10 January 2010

Adventures in Linux

Back in the summer (oh so long ago, and oh so much warmer than winter in Petawawa), I took an Open Source course with Gord Nickerson at UWO. It was really a neat course, and I was able to get hands on with many things that I had only really known about in a peripheral sense, Linux among them. After a lot of tweakage, I managed to get Ubuntu fully running on Virtual Box on my desktop, so I got to mess around a great deal with it.

Since then, I have wanted to put Linux on my laptop (an aging Compaq Presario V2000... which is actually a V2-somethingelse because it has a different graphics card... or something), which I got before I went to Scotland. So it's too old to put W7 on (which is on my desktop, and I love), and I really have no need of a now very sluggish XP machine. However, I was a bit put off by the prospect of stuff not working - particularly my wifi, which I had read may be a problem. Since to a certain extent I was still relying on my laptop to work in the comfort of the gherk (pet name for the GRC - Graduate Resource Centre) at school, I didn't want it to be out of commission for any length of time. Especially being 5 hours removed from my usual tech support.

Over the summer, I started running the release candidate of W7 on my desktop, after Vista started to rapidly implode on itself. By fall I was running W7 full version on my desktop, the soon-to-be bf had wrangled me an 8G iPod touch, and being on co-op my laptop began to collect dust. The long-suffering machine has served me well, so my mind still churned on the idea of repurposing it as an open source box.

The holidays came and went, and I have spent a rare weekend in the Pet, with not a whole helluva lot to do. So, boredom, and bravery (given my W7 box is running like a dream), I decided to take the plunge. The no-longer-soon-to-be-and-now-now bf suggested Mint to me... which reviewers point to as a nice easy beginner's version of Linux. Very Windows like, and an easy setup. Another plus, is it is built on Ubuntu, which is built on Debian, so there is a nice big base of software and support out there for it. Unfortunately, it also comes with the same Ubuntu prob I was worried about, no driver support for my somewhat retro Broadcom 4318 rev02 wifi card, and a somewhat smaller support base.

Burned the iso with no prob. Had to reboot twice to get the live cd to work. Once that was all up and going, I installed Mint. Again, took two reboots to get going. Sound, graphics, and everything worked. That is, everything except my pesky wifi.

Now, there is a ton of stuff out there addressing this problem. So it is easy to get lead astray. So, I'm going to post links to the resources that helped me the most, and if anyone out there in the same boat stumbles on this, maybe this will help.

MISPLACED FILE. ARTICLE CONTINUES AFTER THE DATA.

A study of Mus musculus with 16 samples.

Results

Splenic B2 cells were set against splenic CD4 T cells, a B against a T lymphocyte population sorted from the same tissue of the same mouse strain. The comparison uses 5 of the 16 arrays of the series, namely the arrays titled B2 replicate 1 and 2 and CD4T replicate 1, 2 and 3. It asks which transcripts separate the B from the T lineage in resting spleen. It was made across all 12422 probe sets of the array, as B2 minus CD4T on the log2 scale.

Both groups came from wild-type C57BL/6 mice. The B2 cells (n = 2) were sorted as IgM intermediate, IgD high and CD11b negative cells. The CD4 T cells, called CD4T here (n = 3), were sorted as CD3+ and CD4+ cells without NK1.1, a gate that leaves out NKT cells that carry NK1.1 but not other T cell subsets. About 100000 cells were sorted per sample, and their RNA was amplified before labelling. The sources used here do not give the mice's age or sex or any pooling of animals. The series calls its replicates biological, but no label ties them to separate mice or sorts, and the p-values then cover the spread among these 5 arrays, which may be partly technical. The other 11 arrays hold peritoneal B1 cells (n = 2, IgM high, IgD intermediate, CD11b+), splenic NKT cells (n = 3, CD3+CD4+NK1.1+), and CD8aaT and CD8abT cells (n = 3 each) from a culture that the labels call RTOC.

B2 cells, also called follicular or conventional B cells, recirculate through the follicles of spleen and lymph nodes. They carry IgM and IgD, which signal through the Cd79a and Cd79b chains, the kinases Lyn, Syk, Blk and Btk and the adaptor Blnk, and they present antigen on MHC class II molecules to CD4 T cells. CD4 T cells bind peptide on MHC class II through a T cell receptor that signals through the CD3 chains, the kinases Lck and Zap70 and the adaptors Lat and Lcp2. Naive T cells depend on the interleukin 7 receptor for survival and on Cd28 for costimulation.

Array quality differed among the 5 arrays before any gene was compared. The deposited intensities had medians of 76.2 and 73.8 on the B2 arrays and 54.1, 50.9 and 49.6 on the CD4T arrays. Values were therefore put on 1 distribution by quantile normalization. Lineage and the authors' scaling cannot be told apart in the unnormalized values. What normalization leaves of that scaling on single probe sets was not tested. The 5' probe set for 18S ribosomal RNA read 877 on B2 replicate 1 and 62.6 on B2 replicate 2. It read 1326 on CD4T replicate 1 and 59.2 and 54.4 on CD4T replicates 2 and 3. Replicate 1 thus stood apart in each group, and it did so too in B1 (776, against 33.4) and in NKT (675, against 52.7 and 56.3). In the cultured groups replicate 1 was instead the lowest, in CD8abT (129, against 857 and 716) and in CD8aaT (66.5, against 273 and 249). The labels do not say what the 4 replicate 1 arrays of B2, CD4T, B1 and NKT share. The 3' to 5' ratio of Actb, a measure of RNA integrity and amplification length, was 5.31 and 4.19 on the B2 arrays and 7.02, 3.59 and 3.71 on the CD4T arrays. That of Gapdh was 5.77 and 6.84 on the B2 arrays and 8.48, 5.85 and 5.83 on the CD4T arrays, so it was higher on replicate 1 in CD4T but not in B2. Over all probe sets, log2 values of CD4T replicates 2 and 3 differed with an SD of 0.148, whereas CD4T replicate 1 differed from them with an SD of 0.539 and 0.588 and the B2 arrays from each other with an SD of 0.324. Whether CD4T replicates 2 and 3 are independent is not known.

1. Do not try and download the drivers that Mint prompts you to. If you already have, try out #3, and then go back to 2a.

2a. Follow the five steps in this post by Arron. http://forums.linuxmint.com/viewtopic.php?f=53&t=14349&hilit=broadcom+4318&start=30#p212621

2b. But how do you pull the inf out of the exe?

Save the exe to your desktop, and in terminal enter:
cd ~/Desktop
cabextract yourfilename.exe
Your desktop will be filled with all the files in the exe, including the inf file you need to install.

2c. But where the dickens to I get my drivers?

Go over to the hp site and get them there.

3. So, now your wifi light should be able to toggle on and off. Can you get online? If not, or if you (like me) had already stumbled on a few different but not working solutions, you may need to blacklist the previous broadcom 43xx driver. You can do that by following this post by Raven http://ubuntuforums.org/showpost.php?p=1189681&postcount=105

There, that's everything I did to get my Broadcom 4318 rev02 card to work with Linux Mint on my Compaq Presario V2000 (or not V2000). I don't guarantee the above will work for you, but it did for me.

So, geek credentials recertified, I now have a Linux box to call my very own.

**Update: I was getting all these liney artifacts when I'd close windows or reveal the desktop. Probably because I have an ATI Radeon XPRESS 200M 5955 card... if you are having the same prob, check out this: http://sidrit.wordpress.com/2008/08/10/enabling-desktop-effects-for-ati-radeon-xpress-200m-on-ubuntu-hardy-heron/

Now, I couldn't get it to verify that I had installed the fglrx drivers... but upon reboot the problem seems to have been solved. And things are much snappier.